I keep a dish detergent dispenser on the sink. When I refill it, I fill it with about 1/3 water and the rest with soap. I shake a little to mix. I find it works just as well as full strength detergent.
This started out as a treat for myself but has really turned into a money saver. The kitchen sink area became more "elegant" once I purchased a bottle with spout designed for use with cooking oil.
I had a nice pretty hand soap pump container that I had gotten from my niece. When it was empty, I filled it with dish washing liquid soap and I leave that on top of the sink to be used for either hands or dishes.
I have a tip to help save on dish washing liquid and to look pretty at the same time. I went to the Dollar store and bought a decorative oil dispenser. I use less liquid and it looks pretty on the sink.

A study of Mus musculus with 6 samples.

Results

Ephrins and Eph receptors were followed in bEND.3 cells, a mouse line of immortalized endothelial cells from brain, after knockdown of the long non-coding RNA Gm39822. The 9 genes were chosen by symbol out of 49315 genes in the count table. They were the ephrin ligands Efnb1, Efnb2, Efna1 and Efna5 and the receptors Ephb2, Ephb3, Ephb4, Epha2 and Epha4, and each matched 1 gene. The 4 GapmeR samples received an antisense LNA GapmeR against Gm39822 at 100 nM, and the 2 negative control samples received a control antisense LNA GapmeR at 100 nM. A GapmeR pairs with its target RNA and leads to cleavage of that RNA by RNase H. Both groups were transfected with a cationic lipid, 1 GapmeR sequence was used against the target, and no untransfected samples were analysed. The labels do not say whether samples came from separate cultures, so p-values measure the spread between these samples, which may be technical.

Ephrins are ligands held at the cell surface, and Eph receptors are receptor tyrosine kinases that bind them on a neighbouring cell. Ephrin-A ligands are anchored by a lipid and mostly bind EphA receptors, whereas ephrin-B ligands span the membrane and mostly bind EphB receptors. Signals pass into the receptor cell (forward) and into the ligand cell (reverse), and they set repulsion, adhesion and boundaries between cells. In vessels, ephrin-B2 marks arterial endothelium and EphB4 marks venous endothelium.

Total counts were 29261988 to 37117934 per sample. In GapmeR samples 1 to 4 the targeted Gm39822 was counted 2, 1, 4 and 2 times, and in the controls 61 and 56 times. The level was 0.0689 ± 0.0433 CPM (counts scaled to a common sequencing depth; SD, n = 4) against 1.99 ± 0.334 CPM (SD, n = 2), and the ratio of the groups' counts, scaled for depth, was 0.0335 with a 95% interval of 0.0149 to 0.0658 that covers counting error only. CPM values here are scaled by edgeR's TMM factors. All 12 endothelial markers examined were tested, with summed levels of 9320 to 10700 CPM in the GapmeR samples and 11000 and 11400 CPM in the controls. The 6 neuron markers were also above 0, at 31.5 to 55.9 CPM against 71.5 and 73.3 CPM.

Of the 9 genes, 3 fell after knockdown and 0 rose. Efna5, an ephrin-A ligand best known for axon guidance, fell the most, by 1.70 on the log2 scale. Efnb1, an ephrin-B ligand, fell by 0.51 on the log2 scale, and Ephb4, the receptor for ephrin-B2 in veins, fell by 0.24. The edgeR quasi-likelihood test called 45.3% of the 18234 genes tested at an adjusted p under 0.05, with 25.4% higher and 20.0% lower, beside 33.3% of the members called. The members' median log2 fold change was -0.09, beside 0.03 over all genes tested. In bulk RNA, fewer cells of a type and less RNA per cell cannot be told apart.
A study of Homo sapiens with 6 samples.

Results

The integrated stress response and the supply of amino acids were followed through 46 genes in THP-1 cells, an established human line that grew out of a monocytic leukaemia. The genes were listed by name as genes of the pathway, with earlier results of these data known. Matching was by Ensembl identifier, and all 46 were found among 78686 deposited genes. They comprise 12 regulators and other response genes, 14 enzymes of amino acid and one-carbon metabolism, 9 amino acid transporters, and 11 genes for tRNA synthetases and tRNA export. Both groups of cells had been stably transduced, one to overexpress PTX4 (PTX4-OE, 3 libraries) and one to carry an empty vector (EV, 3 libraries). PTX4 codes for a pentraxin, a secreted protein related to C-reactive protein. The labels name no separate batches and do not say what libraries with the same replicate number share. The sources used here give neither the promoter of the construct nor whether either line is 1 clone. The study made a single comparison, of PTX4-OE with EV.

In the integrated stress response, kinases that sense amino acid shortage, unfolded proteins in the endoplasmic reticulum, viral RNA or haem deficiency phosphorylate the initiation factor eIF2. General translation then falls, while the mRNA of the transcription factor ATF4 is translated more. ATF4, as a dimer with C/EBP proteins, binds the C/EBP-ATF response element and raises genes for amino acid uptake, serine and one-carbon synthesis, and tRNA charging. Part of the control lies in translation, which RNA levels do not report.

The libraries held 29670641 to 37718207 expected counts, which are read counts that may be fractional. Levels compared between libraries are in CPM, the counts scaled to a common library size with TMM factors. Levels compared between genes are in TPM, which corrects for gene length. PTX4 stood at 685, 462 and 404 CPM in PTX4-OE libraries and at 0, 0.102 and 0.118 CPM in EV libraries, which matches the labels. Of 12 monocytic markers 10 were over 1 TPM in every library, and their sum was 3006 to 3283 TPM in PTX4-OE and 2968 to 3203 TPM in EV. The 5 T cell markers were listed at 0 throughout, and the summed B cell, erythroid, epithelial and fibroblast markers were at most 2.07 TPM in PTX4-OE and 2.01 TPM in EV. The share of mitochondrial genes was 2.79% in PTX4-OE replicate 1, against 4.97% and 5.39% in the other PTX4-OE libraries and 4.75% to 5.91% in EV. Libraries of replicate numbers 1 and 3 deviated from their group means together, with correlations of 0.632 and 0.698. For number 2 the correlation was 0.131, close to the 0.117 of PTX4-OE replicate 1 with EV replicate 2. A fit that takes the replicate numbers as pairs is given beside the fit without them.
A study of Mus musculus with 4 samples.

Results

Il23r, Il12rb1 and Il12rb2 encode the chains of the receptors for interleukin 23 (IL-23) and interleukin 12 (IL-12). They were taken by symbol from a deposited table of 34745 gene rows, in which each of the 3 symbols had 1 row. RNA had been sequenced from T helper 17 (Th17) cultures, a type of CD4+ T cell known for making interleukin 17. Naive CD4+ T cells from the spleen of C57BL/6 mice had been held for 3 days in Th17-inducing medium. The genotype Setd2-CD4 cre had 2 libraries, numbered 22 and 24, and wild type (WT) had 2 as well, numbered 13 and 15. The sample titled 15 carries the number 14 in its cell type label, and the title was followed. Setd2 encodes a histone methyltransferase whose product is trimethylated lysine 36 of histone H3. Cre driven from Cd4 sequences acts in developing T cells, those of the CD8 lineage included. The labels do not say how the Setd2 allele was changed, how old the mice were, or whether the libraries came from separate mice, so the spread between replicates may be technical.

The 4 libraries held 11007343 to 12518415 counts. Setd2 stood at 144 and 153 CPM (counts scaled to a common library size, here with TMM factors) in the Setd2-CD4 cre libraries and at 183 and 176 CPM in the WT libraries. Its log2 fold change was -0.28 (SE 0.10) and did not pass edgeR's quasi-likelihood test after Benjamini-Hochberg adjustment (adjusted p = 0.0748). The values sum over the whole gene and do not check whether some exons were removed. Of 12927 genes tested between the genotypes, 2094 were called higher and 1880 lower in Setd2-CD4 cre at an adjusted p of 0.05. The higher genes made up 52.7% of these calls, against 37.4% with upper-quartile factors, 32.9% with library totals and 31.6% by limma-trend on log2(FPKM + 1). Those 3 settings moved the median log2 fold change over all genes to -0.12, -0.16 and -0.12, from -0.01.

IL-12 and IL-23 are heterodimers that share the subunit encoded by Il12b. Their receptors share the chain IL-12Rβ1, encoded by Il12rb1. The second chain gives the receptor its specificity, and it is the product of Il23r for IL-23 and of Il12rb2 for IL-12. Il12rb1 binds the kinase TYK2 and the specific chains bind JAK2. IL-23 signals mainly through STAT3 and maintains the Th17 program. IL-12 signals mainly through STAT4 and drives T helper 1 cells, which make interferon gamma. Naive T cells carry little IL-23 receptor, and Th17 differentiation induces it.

Do you remember when the ultra dish soaps came out? At that time the manufacturers said to dilute the soap, using, I believe, 2 parts soap and one part water. I have a bottle on my counter that I add dish soap to with the water in those amounts.
I add a few drops of essential oil to Free and Clear (hypoallergenic) dish soap to mimic the expensive all-natural soaps without the possible allergens, since even all-natural soaps can have natural ingredients I'm allergic to.
To stretch your dish detergent, use "bubbles" refills from the dollar store, the type kids use to create bubbles. The cost is about $1 for 32 ounces.
For making your dishwashing soap last longer: Take a separate plastic bottle with a pump and fill about one third of dishwashing liquid of your choice.